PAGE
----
At the ongoing UN Climate Change Conference in Bonn, work under the UN Framework Convention on Climate Change’s (UNFCCC’s) Subsidiary Body for Implementation (SBI) has been suspended without governments formally adopting an agenda for the body’s work at this two-week session.
The SBI is one of the UNFCCC’s two permanent subsidiary bodies, along with the Subsidiary Body for Scientific and Technological Advice (SBSTA). It is tasked to give advice to the Conference of the Parties (COP), the UNFCCC’s decision-making body, on all matters concerning the implementation of the Convention.
Among other things, the SBI reviews the financial assistance given to developing country governments to help them adapt to climate change and transition towards low-carbon growth, and provides advice to governments on guidance to the UNFCCC’s financial mechanism and other support systems.
A proposal by Belarus, the Russian Federation and Ukraine to include procedural and legal issues relating to decision-making within the agenda of the SBI was not accepted by the majority of governments, in the precise way in which the three Parties had requested it.
“Countries have between now and the beginning of the UN Climate Change Conference in Warsaw to unblock the situation so that relevant decisions can be taken at the meeting. It is essential that the time is used for discussions at the highest political level on how to resolve the issue so that this body can take forward its important work,” said Tomasz Chruszczow,” Chair of the SBI.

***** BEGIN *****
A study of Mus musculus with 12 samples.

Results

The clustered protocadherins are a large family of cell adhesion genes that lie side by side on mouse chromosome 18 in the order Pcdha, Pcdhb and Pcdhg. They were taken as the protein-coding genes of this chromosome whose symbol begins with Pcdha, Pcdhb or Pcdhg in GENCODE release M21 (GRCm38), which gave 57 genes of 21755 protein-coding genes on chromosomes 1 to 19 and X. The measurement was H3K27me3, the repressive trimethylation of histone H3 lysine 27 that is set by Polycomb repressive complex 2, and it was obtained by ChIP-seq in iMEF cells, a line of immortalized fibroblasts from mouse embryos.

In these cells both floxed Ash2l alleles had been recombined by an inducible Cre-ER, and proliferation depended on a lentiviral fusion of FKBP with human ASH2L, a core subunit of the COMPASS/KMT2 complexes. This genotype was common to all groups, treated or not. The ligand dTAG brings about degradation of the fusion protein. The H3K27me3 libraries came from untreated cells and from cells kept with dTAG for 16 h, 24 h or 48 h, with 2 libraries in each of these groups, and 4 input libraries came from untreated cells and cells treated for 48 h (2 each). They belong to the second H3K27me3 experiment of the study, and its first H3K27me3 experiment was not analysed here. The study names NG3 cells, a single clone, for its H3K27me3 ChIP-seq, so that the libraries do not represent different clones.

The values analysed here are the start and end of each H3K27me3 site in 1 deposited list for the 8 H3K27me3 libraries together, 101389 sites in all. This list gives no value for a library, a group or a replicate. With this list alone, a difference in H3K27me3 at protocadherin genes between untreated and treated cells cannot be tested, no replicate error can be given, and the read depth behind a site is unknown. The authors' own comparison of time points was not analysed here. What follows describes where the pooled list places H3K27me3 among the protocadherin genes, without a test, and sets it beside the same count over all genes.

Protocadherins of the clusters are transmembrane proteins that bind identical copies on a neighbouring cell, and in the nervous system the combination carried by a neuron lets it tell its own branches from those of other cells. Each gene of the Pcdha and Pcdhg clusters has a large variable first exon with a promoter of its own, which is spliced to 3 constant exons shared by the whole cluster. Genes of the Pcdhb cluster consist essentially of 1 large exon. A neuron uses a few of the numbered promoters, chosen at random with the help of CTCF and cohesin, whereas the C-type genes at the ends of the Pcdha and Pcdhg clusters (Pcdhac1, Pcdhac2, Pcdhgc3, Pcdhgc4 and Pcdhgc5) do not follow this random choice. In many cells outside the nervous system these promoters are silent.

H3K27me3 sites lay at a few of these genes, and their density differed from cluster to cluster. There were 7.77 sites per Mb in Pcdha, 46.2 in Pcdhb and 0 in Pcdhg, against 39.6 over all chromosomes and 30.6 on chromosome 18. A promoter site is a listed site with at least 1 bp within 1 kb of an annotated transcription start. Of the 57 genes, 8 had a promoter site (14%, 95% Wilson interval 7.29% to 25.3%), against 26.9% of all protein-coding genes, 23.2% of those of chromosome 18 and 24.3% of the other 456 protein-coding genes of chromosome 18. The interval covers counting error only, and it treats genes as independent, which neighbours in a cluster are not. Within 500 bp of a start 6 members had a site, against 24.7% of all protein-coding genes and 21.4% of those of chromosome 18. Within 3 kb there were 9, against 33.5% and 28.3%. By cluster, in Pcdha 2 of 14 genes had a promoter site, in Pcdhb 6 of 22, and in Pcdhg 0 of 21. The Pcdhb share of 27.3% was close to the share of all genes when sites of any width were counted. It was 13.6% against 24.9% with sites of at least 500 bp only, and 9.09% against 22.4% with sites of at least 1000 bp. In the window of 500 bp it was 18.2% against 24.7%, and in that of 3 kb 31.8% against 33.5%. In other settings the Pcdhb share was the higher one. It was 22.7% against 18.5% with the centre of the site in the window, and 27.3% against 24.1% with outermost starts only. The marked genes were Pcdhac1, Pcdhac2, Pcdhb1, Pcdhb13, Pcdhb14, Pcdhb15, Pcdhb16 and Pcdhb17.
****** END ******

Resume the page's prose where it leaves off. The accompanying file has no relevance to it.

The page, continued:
“Whilst this development is unfortunate, much good work has been accomplished under the other two bodies at these Bonn sessions of the UNFCCC. Governments here have made further progress towards the design of the new universal climate change agreement and on identifying ways to immediately respond to climate change so that the world stands a chance of staying below the agreed maximum 2 degrees Celsius temperature rise,” said UNFCCC Executive Secretary Christiana Figueres.
In Bonn, the “Ad Hoc Working Group on the Durban Platform for Enhanced Action” (ADP) and SBSTA continue their work until the end of this week. The climate change negotiation is tasked both to complete a universal climate agreement by 2015 that will come into force from 2020, and to find ways to increase the current inadequate level of global ambition to address human-generated climate change before the end of the decade.
As well as the main objectives mentioned by Ms. Figueres, detailed discussions included the role of adaptation in the 2015 agreement and how to transform the world’s energy systems quickly enough towards low-carbon.
The UN Climate Change Conference in Bonn ends on 14 June and is the last UNFCCC negotiating session before the UN Climate Change Conference in Warsaw (11 – 22 November). UNFCCC Executive Secretary Christiana Figueres is scheduled to give a press briefing on 14 June at 13:15 (CEST).
About the UNFCCC
With 195 Parties, the United Nations Framework Convention on Climate Change (UNFCCC) has near universal membership and is the parent treaty of the 1997 Kyoto Protocol. The Kyoto Protocol has been ratified by 192 of the UNFCCC Parties. For the first commitment period of the Kyoto Protocol, 37 States, consisting of highly industrialized countries and countries undergoing the process of transition to a market economy, have legally binding emission limitation and reduction commitments. The ultimate objective of both treaties is to stabilize greenhouse gas concentrations in the atmosphere at a level that will prevent dangerous human interference with the climate system.